Session/Séance 4b: CSTM Panel 1 Instruments as Innovators

Session/Séance 4b: CSTM Panel 1 Friday/vendredi 26 May 2017. 9:00 – 10:00 am, EJB 120.
Instruments as Innovators
     Chair: LAURA RISK (McGill University)

1. Andrew Tracey’s Steelband and the New South Africa
     Hallie Blejewski, Wesleyan University

While in London with the musical Wait a Minim!, Andrew Tracey became enamored of steel pan. He purchased several instruments, starting a steelband upon his return to South Africa in 1970. Today, there are over 100 steel- bands in South Africa, and Tracey’s influence extends internationally: Steve Lawrie, once the most prolific pan tuner in South Africa, became the lead tuner at Panyard in Akron, Ohio. While Tracey and Lawrie were falling in love with pan, the rest of the world was shunning South Africa. Making pans, or “tuning,” is traditionally learned by observation. Unable to travel to Trinidad, Lawrie spent the 1980s making instruments through trial and error, using Tracey’s instruments as guides. It wasn’t until the end of apartheid that Lawrie visited Trinidad. This paper explores how pan was eventually embraced in the “new” South Africa as a representation of the harmonious coexistence of European and African musics.

2. The Contemporary Santur Playing of Iranian Musician Ardavan Kamkar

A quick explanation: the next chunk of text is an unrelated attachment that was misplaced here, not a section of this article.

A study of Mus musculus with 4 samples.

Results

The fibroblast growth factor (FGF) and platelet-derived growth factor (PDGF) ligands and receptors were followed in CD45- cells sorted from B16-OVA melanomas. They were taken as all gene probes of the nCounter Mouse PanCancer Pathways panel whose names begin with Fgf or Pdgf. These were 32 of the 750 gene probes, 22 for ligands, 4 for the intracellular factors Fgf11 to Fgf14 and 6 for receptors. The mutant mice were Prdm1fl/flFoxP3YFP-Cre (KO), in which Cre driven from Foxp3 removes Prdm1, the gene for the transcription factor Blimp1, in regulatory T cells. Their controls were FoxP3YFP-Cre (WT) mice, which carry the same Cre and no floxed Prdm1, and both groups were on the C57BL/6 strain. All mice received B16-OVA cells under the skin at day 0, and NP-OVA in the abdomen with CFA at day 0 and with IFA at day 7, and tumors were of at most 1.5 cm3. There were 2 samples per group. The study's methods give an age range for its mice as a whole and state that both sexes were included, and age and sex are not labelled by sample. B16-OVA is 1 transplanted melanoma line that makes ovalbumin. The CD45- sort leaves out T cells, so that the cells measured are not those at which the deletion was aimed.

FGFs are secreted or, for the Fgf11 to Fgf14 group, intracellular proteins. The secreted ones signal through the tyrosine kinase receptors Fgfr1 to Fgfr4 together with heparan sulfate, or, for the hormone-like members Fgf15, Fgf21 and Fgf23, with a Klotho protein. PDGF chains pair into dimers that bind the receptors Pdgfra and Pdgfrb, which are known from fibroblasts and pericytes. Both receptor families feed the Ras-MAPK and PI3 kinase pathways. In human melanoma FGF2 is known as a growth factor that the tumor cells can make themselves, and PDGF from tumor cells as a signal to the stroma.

Mehdi Rezania, University of Alberta

In the 1980s, Ardavan Kamkar, an exceptionally talented santur player and composer, changed the style of santur performance at a very young age. Over the 20th century, the santur had become one of the main instruments of Persian classical music due to its ability to allow musicians to create variety of styles in performing it. Kamkar has used material outside of the radif (the classical Persian music repertoire), including folk songs of his native Kurdish heritage and western compositional techniques. These elements have made Kamkar’s innovations controversial and unorthodox amongst other musicians but popular among the younger generation of musicians. In this article I will explore and analyze Kamkar’s music using his published and unpublished works and my interactions with him as his student. I argue that the multi-layered identity of his compositions and innovations are the result of his extraordinary period when he grew up in post-revolutionary Iran. His hybrid compositions address the challenges of his generation from tradition, modernity, ethnicity, globalization and war to social and political barriers.